Township focused on rural development in south Langley

Brookswood-Fernridge neighbourhoods formally separated as council takes ‘baby step’ toward creating new community plan

The controversial Brookswood-Fernridge community plan is back on the table, as Township council took its first “baby step” toward redevelopment during Monday afternoon’s meeting.

Council has voted to separate Brookswood from Fernridge, focusing only on the rural areas for redevelopment.

They have directed staff to look at the cost of updating the 1987 community plan for Fernridge and to create a map highlighting the exact areas for consideration.

Part of the confusion, it seems, is that there is no definitive line dividing the Brookswood area from Fernridge, Mayor Jack Froese told The Times.

“There’s an area of Brookswood that is already developed, and it’s been developed for years, and there’s the area thats undeveloped acreages that have been looking for development for years,” he said.

“It’s not going to be changing existing subdivisions and existing homes.”

Council’s vote comes after several delegations by Fernridge residents expressed frustration that “nothing has happened” since a draft update to the Brookswood/Fernridge community plan was turned down by council in 2014. When new options were presented in March of last year, council voted to postpone a decision until the Mayor’s Standing Committee on Public Engagement had presented its report for a Township-wide strategy.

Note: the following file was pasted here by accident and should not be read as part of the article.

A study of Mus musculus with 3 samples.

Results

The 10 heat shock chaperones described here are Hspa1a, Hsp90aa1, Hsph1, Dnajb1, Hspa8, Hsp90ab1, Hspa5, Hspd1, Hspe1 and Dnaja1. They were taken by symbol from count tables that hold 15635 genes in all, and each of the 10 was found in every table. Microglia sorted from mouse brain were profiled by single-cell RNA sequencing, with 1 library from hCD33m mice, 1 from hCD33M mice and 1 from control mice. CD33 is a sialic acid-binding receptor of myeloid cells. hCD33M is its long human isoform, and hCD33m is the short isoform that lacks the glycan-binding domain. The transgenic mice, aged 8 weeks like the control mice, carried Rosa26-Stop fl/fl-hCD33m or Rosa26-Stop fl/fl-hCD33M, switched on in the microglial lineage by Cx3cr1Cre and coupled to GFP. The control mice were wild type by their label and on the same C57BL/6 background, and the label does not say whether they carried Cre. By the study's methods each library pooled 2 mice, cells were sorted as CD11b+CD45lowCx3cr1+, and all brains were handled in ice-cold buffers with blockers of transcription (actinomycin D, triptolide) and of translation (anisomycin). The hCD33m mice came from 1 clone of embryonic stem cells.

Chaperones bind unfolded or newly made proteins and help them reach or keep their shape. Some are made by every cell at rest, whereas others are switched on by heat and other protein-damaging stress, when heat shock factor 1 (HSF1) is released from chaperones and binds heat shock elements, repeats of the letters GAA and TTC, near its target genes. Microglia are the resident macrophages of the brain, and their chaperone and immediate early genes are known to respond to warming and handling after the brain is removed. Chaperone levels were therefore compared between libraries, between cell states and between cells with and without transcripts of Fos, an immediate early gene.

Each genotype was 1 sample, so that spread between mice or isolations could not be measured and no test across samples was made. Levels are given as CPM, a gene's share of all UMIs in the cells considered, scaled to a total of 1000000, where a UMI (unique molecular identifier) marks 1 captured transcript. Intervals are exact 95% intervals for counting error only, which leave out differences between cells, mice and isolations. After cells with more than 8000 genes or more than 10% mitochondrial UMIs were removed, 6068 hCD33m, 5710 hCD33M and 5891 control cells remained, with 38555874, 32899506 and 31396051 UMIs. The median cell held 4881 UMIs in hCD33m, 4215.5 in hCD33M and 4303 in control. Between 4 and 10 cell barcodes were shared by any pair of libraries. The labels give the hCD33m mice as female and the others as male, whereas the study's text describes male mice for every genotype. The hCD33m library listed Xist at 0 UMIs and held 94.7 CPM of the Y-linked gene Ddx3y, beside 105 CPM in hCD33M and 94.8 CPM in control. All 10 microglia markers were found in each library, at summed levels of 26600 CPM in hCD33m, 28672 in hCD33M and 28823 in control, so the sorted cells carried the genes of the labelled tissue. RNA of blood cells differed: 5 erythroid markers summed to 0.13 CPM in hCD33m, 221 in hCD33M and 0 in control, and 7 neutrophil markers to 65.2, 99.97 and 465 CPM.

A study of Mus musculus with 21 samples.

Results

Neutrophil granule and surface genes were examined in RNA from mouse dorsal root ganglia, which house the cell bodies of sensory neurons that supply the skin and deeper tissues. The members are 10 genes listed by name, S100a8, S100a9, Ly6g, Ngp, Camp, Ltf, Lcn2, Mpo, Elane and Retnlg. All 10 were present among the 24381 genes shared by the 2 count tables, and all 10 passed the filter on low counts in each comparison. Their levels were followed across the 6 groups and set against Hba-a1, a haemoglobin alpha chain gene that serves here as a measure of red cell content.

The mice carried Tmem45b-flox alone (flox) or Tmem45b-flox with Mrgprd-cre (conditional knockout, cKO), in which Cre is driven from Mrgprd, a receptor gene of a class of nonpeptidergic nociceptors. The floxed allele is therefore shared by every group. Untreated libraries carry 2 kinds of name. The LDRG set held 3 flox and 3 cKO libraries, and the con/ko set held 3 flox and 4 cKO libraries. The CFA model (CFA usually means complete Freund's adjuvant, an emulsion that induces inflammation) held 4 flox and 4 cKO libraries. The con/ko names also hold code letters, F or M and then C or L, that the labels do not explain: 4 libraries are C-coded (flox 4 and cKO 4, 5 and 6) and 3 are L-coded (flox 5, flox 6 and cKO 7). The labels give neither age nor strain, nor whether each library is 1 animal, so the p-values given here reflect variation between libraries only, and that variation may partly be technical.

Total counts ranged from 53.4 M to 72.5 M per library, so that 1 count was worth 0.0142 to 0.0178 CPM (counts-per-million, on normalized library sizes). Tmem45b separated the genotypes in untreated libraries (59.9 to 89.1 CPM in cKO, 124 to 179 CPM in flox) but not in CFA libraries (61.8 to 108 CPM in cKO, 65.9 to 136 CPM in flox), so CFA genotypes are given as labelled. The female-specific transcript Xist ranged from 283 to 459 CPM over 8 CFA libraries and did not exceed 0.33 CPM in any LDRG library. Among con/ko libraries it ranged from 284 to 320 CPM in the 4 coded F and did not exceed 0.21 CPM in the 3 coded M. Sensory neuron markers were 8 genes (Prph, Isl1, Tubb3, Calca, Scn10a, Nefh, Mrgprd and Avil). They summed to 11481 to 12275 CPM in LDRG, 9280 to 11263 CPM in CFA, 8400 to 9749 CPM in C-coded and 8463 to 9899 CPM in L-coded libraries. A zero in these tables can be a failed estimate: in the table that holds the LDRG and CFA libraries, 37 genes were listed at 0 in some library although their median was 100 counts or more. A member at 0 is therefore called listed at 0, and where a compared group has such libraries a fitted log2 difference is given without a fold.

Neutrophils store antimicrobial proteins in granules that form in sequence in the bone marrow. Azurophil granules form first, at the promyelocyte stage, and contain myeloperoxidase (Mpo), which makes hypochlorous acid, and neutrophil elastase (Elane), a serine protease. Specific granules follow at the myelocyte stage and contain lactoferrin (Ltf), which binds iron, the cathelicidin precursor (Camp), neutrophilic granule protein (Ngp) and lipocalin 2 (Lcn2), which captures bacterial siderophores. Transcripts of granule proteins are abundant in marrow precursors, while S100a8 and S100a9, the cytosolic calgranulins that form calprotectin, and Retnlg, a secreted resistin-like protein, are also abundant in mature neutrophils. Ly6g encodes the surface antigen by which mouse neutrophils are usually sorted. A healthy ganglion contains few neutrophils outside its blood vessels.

Resident Sam Rockson said in the 35 years he’s lived at 200 Street just south of 32 Avenue, “absolutely nothing has ever happened in the area.”  He is concerned the lack of attention has led to an increase in illegal grow-ops and derelict houses.

Ron Goble has lived in Fernridge for 42 years, and sees potential issues with the rapid development in Surrey just a few blocks away.

“We’re concerned about the lack of planning in Brookswood-Fernridge to be prepared for the huge changes happening in the near future,” he said.

Other concerns brought up at the meeting were a lack of streetlights and sidewalks along roads, and higher than average taxes on properties labelled as having development potential.

Township engineer director Ramin Sefi said the new map detailing the proposed area could be brought to council as soon as the next meeting on Jan. 25.

“This, as it has been referred to already, is a baby step of commitment,” said Coun. Blair Whitmarsh.

“It’s a commitment from council to move forward with the public engagement process. This is not a speeding up process. This is not rushing to try to make a decision. This is actually 50 years in the making. So this is a long time coming.”